Freddie Freeman improved almost across the board in his second season. He ended up ranked 15th in our 2012 final first base rankings (with Billy Butler added in), worth about $12. If you expected him to be great, that was a disappointment. Our staff thought he would be 15th, so we nailed it. If you picked him up for a dollar or late in your draft, you were happy with his improvements.

But what did he actually do? If we can figure out if he actually broke out, then we might know a little more about his remaining potential upside.

One piece of improvement — runs and RBI went from 143 combines to 185 — was all team- and context-specific. He played a little less (620 PAs in 2012 to 635 the year before), but his plate appearances came in better lineup slots in 2012. Other than 41 at-bats, all of his playing time came in the three-four-five slots this past season. The year before, he got 208 at-bats in the sixth slot or lower. Unless the Braves sign a couple big hitters this offseason — an unlikely proposition — Freeman will continue to hit in a premium slot in the order and will offer good runs and RBI totals. That looks sustainable.

His batting average actually went down, but his peripherals were shiny. He had a 26% line drive rate, which is out of this world. Of course, line drive rates don’t have much season-to-season correlation, and there’s a ton of noise in there, but that’s still a good sign. He’s now been well-above-average in the category for two straight years (24.4% career, 19-20% is average). He also kept his infield fly rate below average for the third straight year (7.7% in 2012, 6.1% career, 10% is about average). That’s virtually the same formula for success that has allowed Joey Votto to post great batting averages. Votto has a 24.8% career line drive rate, an incredible 1.6% infield fly rate, and a lifetime .316 average. In related news, his BABIP is .359 while Freeman’s is .315. Of course, Votto has been doing this longer, is fleeter-of-foot, and hits more ground balls (1.19 career GB/FB to Freeman’s 1.12), but maybe those two BABIPs should be closer together. Lo and behold, Freeman’s xBABIP was .337 last season.

Of course none of this would matter if Freeman jacked more than 23 dongs last season. Read that differently and a whole lot of things would change, but we are talking about home runs here, get your mind out of the gutter. In general, you can see that some of his power peripherals moved forward, but the overall power picture is still muddied.

The good news is that Freeman hit fewer ground balls and more fly balls (1.01 GB/FB down from 1.23 last season), and that’s good for power — especially if you hit more fly balls over the fence (14.8% home runs per fly ball in 2012, up from 14.0%). His isolated slugging percentage went from below-average for a first baseman (.167) to above-average for a National League first baseman (.196, average was .174 in the NL this year). He had five more extra-base hits in 15 fewer plate appearances, so his power took a step forward.

But how many steps remain? If his ceiling is Joey Votto without the batting average, well that’s not very exciting.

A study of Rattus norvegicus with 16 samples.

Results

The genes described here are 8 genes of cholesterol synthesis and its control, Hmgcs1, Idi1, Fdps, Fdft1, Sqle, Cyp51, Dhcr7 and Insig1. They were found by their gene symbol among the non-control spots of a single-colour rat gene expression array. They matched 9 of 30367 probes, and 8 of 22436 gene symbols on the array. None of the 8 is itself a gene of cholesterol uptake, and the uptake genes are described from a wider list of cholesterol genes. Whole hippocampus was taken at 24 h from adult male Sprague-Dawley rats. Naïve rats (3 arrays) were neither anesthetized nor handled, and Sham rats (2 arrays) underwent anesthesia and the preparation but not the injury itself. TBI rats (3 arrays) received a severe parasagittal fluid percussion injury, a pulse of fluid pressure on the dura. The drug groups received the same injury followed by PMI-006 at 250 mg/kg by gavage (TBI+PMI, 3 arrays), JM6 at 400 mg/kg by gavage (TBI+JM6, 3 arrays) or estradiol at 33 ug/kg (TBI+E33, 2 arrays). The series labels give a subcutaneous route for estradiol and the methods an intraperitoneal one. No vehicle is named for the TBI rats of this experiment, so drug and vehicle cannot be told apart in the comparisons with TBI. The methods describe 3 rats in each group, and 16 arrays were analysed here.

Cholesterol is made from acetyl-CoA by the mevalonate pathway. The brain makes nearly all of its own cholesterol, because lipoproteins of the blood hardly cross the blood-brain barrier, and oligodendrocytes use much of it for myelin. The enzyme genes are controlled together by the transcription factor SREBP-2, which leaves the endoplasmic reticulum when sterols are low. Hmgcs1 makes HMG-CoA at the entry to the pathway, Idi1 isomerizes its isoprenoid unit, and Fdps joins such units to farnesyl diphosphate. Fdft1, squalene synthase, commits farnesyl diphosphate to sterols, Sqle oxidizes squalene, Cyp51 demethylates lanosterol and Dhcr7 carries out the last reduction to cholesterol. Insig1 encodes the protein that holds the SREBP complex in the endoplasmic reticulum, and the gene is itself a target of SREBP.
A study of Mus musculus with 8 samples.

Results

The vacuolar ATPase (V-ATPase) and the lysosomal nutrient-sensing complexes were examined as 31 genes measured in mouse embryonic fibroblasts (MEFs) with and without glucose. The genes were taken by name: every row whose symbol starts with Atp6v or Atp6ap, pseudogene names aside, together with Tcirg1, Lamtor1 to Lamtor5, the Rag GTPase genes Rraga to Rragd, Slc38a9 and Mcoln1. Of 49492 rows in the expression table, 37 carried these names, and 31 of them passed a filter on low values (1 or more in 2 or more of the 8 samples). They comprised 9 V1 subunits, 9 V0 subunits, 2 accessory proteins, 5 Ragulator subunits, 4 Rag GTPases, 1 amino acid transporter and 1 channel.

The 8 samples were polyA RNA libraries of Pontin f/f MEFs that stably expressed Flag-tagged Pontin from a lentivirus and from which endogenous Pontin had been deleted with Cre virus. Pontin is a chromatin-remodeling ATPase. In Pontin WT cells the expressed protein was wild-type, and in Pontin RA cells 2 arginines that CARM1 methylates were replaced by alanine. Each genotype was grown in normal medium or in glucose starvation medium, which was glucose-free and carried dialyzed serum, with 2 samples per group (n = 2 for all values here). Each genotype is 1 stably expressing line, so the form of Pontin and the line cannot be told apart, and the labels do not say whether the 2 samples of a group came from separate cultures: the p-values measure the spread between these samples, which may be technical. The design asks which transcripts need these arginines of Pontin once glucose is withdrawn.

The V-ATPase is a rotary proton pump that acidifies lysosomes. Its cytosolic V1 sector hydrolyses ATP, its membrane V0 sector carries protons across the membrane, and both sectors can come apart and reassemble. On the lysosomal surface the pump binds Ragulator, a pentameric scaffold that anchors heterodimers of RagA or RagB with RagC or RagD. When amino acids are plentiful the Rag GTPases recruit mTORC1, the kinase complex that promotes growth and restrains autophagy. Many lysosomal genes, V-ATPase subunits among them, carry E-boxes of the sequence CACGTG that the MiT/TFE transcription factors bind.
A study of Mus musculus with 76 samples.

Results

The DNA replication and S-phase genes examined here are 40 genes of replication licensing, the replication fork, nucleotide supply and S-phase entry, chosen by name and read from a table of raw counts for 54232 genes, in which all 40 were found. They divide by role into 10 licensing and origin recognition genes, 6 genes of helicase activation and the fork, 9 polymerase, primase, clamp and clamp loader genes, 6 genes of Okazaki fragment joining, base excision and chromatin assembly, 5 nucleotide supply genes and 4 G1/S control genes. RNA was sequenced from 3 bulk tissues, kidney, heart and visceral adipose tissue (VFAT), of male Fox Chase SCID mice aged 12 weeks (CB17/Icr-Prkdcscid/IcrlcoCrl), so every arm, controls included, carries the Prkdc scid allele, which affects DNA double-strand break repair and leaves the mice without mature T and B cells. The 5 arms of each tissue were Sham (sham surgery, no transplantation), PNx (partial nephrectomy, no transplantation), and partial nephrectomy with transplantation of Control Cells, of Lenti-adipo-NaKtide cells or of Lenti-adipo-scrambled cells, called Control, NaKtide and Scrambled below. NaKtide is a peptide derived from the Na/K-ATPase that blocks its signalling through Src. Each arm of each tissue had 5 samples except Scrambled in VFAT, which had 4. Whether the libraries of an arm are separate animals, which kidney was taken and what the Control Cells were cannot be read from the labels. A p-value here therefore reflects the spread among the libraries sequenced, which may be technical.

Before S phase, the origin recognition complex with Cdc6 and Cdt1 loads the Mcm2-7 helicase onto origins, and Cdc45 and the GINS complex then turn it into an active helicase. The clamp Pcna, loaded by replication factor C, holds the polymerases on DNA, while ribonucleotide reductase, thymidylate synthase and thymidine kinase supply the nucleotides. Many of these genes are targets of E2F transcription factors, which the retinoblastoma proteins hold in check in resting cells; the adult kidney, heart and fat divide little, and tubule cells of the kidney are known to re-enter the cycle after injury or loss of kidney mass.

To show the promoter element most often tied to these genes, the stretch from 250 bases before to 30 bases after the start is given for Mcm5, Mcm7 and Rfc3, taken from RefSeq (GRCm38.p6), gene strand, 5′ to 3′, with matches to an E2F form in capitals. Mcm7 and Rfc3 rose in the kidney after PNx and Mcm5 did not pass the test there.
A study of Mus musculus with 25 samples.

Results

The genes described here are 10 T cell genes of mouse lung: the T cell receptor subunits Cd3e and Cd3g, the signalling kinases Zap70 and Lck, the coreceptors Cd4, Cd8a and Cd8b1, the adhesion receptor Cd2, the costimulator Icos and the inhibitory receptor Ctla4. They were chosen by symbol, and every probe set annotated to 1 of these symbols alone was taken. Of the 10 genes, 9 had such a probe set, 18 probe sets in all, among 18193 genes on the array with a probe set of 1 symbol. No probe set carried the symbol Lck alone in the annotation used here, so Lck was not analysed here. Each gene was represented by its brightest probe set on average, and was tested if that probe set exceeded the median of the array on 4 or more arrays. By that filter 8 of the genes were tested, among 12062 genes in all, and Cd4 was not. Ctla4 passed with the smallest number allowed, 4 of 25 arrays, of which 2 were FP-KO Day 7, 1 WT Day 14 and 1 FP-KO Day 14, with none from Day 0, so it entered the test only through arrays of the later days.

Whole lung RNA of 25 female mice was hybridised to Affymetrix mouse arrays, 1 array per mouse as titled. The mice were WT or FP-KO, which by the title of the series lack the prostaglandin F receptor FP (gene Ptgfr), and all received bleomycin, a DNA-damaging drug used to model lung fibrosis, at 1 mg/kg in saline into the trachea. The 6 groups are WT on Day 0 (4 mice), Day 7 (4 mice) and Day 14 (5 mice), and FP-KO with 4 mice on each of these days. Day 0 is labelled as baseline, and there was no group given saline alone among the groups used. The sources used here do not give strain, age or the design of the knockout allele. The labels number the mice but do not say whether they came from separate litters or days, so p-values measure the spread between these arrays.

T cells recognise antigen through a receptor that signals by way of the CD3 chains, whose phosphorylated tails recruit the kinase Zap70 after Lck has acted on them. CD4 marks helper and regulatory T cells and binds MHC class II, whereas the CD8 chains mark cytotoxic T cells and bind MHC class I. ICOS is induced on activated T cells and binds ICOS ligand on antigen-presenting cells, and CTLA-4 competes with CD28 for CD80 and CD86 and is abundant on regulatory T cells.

Take a look at the relationship between his pull angle (on the left) and his power below. You can see that he pulled more balls in the second half (the positive field is right field, and Freeman is a lefty so that’s his pull field) and that his batted-ball distance (on the right, with each cluster of red indicating a year) went up accordingly. (Thanks BaseballHeatMaps.)

Maybe it’s coincidence that Freeman’s career-best monthly ISO (.250) came in August this year. Maybe. But you can also see a little bounce in his pull angle and batted ball distance right around where August should be on this map. A .250 ISO on the season would have bested all National League first baseman that qualified for the batting title. Going into next season as a 23-year-old with slowly burgeoning power, this is your best-case, dream-upon-a-dream scenario here, that his pull gains in the second half and outstanding power August portend a .200+ ISO next season and a movement into the top ten first basemen in the league.

On the other hand, it was just one month. On the season, Freeman hit the ball 289.65 feet on homers and fly balls, which came in 74th in baseball, just between Danny Espinosa (.155 ISO) and Alfonso Soriano (.237 ISO). Even if you try to find first baseman comps using batted ball distance and HR/FB ratios, you find this range of possibilities. Eric Hosmer was 82nd on the batted ball distance leaderboard (288.5 feet) and has a career 12.5% HR/FB to go with his .149 career ISO. Mark Teixeira was 88th on the list (287.8 ft) and had a 16% HR/FB to go with his .224 ISO this season. Of course, Teix hits more fly balls than grounders most years (.94 GB/FB career) and doesn’t have the line drive percentage that Freeman has shown so far (20.8% line drives career).

Freddie Freeman has more in common with Joey Votto than Mark Teixeira. If the BABIP falls in line with his peripherals next year, his owners will be happy with Votto-lite. If Freeman’s batted ball mix continues to skew towards power, with more fly balls and more home runs off those fly balls, Teixeira-lite might be okay too. Neither sounds like an elite first baseman for fantasy purposes, but both are possible paths and would produce useful parts. If Freeman’s .259 batting average this season keeps his price down in drafts next season, he might be undervalued once again.